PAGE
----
Updated: Nov 24, 2022
Both situational couple violence and coercive control have implications for best-interest decisions. However, the classification of violence into types, has been criticized in family law contexts.
Misuse of these typologies occurs in family court when more serious abusers claim “mutual” violence and their narrative is unexamined, believed and deemed irrelevant to child contact (Meyer, 2017). Further, situational couple violence can be seen as “not so bad” when in fact, it may indicate an unsafe parent.
Neither situational couple violence nor coercive control is irrelevant to parent-child contact, or the safety and well-being of children. In addition, both can have implications for co-parenting.
Overall, domestic violence is under-detected by the family law system. Correct classification of these typologies often requires fulsome examination by a professional with specific and comprehensive training in assessing domestic violence in family contexts.
There are several critical differences between situational couple violence and coercive control. First, however, here are general definitions of situational couple violence and coercive control.
Situational couple violence occurs during couple conflicts where verbal aggression escalates into acts of physical violence.
Coercive control involves an ongoing pattern of abuse in many forms used to harm, frighten, punish, and ultimately restrict another’s autonomy. Coercive controlling abuse impacts a victim’s sense of safety, identity, and attachment to others.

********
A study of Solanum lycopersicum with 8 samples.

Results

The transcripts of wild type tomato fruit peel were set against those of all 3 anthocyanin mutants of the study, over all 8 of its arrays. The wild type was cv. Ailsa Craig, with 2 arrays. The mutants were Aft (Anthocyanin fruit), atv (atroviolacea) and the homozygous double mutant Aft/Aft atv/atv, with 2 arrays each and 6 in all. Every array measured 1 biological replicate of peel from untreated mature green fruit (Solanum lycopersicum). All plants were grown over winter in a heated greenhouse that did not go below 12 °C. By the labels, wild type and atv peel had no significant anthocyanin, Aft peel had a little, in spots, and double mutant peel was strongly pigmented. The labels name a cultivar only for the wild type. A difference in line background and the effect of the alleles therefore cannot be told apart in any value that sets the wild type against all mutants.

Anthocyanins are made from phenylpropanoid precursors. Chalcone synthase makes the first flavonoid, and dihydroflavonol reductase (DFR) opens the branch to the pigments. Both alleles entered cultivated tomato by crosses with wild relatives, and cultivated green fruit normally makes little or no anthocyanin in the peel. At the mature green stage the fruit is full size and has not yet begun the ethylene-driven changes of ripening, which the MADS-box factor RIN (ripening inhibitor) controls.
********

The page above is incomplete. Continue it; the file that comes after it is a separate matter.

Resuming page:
The key differences are essential and may not be easy to spot. However, the following chart helps outline how different these two types of domestic violence are.
Situational couple violence can negatively impact parents or children who experience it. Its dangerousness by those who may perpetrate it in severe ways should not be underestimated. Therefore, quality information is needed when domestic violence allegations are present in family law files.
It is important to note that true abusers tend to feel they are the victims of abuse and control. They often claim their partner engages in “crazy behaviour” and alienation.
It is not uncommon to hear abusers argue that violence in the relationship was mutual. However, one must be cautious not to misclassify completely different situations.
When an individual who throws their shoe at their partner during an argument, on one occasion, and who otherwise conducts themselves in a non-violent manner, is viewed the same as someone who regularly scares, terrorizes and controls most aspects of another’s life, the best interests of children will never be met.
When in doubt, engage a domestic violence specialist for a comprehensive assessment or consultation.
Katz, Emma Coercive Control in Children’s and Mothers’ Lives (2022, Oxford University Press)
Meier, (2017) Dangerous Liaisons: Domestic violence typology and custody litigation. Rutgers University Law Review, 70(1), 115 to 174.